There are quite a few films with economic content – some more obvious than others. We have compiled a list of our favourites but a full list is also available. If you have more recommendations, please let us know.
Economic concepts in films
This short set of videos from Mr Gifford uses clips from hit movies to explain economic thinking in an entertaining way.
- Star Wars: scarcity and exchange
- Monty Python and the Holy Grail: marginal analysis
- Monsters Inc.: production possibilities
- Indiana Jones: demand and supply
- Cars: recessions and fiscal policy
- Back to the Future: GDP, unemployment, inflation
- Anchorman: efficiency and externalities
- The Dark Knight: oligopolies and game theory
- Despicable Me: monetary policy
- The Hunger Games: capitalism
Some films about the 2008/9 Crash
- Inside Job (2010) Oscar-winning documentary which puts some economists in the spotlight for their role in the crash. Metacritic rating: 88
- Margin Call (2011) Fiction about 24 hours in a banking institution tries to show the bankers’ perspectives. Metacritic rating: 76
- The Big Short (2015) Lots of big-name stars in a fiction based on some real people and events. Metacritic rating: 81
Our film recommendations
Grapes of Wrath – John Steinbeck
Originally a novel by John Steinbeck, Grapes of Wrath was considered highly controversial upon release due to Steinbeck’s political and economic beliefs- especially with regard to the poor. Grapes of Wrath was considered to have a Socialist outlook and was banned. However, the novel is considered to be a modern classic exploring issues such as migration, trade unions and property rights. Also made into a film (John Ford, 1940).
A Beautiful Mind – Sylvia Nasar
Sylvia Nasar is a German economist who wrote A Beautiful Mind, an autobiography of Nobel-Prize-winning economist John Forbes Nash. The book was developed into a film (Ron Howard, 2001) which was successful (despite a lot of controversy concerning its accuracy with regard to Nash’s life). Brushing aside any personal opinion of the film, Nash was an exceptional mathematician and economist, specialising primarily in game theory (hence Nash equilibrium and the Nash embedding theorem). The film shows the story of Nash’s life, his work, research and struggle with schizophrenia.
Robin Hood – Folklore
Most people will know the story of Robin Hood, a medieval folklore tale. Robin Hood and his Merry Men take money from the rich and give it to the poor as well as fighting injustice. The tale explores the morality of stealing for the rich and giving to the poor, allowing the viewer to imagine different economic systems and their impact. Perhaps a little lighter than some in terms of economic content but a nice break. The tale has been reproduced many times, with the BBC creating a recent drama, as well as many films, cartoons and books being available. The comedy film Time Bandits includes Robin Hood and his companions, with the variation that they violently rob the poor people to get their treasures back.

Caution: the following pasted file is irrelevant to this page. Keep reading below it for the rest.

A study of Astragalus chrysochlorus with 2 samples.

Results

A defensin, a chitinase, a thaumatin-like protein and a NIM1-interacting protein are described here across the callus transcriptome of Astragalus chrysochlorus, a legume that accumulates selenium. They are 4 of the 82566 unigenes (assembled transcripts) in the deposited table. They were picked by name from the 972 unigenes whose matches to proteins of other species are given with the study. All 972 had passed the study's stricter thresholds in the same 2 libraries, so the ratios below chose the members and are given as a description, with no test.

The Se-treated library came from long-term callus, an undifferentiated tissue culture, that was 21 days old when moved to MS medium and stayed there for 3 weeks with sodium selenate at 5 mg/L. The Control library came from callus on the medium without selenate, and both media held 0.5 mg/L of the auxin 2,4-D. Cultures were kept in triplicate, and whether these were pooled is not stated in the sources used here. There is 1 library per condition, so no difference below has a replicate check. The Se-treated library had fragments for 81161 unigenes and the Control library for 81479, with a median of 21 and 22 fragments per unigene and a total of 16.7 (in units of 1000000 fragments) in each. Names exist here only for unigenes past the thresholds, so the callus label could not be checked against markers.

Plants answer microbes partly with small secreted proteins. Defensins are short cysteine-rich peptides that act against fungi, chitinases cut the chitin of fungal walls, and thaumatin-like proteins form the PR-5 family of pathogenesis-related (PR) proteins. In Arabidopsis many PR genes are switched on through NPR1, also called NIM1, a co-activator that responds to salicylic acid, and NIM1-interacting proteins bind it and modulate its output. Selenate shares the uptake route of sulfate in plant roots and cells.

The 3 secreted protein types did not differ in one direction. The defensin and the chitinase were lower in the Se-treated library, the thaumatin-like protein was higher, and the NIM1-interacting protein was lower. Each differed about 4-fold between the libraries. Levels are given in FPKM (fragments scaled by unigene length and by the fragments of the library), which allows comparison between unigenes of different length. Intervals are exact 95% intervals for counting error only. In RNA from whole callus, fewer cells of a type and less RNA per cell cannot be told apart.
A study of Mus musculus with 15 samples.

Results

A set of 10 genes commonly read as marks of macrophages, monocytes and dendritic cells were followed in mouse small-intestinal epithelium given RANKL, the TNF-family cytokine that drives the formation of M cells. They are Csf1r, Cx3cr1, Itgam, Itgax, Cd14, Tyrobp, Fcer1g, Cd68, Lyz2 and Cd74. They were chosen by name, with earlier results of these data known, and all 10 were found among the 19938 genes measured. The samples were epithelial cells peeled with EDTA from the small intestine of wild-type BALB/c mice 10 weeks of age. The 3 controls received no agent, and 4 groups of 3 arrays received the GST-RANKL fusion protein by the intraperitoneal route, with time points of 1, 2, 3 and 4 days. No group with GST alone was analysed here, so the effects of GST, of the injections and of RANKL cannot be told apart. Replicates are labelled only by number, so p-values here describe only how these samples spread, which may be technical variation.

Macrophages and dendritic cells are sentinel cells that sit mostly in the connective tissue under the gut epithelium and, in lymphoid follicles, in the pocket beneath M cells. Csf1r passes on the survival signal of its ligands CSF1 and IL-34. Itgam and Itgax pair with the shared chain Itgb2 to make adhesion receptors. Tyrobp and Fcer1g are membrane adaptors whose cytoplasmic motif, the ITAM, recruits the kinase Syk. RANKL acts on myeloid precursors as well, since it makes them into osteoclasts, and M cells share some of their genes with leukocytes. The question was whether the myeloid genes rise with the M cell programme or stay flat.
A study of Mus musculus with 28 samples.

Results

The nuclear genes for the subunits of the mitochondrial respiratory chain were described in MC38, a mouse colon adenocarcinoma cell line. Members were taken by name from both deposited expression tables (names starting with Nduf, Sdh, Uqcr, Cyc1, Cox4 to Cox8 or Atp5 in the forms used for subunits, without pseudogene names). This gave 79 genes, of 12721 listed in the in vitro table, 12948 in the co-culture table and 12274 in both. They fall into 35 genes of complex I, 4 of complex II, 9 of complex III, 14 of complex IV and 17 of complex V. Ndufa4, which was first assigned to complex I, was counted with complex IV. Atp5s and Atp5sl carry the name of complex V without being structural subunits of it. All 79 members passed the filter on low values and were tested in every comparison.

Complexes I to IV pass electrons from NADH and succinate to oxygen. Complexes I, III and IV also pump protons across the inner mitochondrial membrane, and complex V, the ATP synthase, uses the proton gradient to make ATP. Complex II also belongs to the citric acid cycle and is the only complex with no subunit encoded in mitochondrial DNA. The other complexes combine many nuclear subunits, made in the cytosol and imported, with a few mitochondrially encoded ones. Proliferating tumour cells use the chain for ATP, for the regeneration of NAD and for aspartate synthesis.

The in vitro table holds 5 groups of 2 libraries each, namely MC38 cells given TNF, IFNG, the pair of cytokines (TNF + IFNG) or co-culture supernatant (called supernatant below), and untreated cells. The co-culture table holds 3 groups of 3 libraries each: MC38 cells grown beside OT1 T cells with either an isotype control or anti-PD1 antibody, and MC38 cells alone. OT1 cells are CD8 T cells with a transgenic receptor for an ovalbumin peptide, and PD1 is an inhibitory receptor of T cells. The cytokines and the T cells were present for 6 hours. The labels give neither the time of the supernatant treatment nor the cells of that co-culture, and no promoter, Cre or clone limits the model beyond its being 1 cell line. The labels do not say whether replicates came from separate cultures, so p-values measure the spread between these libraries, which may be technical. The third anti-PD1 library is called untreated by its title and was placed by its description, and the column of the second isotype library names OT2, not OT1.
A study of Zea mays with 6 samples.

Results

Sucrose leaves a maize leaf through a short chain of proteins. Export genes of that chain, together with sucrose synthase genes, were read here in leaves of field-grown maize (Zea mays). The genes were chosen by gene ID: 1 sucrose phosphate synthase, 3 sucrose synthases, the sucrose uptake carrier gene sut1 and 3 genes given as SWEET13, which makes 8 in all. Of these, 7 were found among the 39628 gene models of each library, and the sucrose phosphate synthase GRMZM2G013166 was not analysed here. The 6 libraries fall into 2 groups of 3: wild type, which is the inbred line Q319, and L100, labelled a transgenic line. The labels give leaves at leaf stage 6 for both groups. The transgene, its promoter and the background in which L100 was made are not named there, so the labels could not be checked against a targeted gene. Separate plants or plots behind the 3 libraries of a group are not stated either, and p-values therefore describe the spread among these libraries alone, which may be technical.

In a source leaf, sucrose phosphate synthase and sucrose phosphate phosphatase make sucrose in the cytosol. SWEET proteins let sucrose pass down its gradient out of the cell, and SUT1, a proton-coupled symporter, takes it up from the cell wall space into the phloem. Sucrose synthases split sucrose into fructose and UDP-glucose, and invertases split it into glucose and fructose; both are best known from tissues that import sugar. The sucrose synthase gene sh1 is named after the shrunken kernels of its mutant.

It’s a Wonderful Life – Philip Van Doren Stern
Originally a short story written by Philip Van Doren Stern, It’s a Wonderful Life was turned into a film (Frank Capra, 1946). Its plot follows the story of George Bailey, a man who had many dreams which he had to sacrifice in order to please others. The film tackles issues such as housing discrimination, gender, and education as well as building loans. The film is set at the beginning of the Great Depression.
Dirty Pretty Things – Stephen Frears (2002)
This film (no, not the band) looks into the illegal trading of organs. Two immigrants form a bond and come across the kidney trading market, where a kidney will get you a passport. The film also touches on the sex market, showing the desperation of individuals to enter the UK and the power this knowledge gives different characters.
Roger and Me – Michael Moore (1989)
General Motors, like other multinational firms, try to maximise their profits by outsourcing their labour to cheaper areas. Moore looks at the impact such outsourcing has on communities and individuals. 30,000 people lost their jobs in Flint, Michigan with devastating social and economic consequences on the community. The documentary explores trade-offs and addresses the idea of comparative advantage.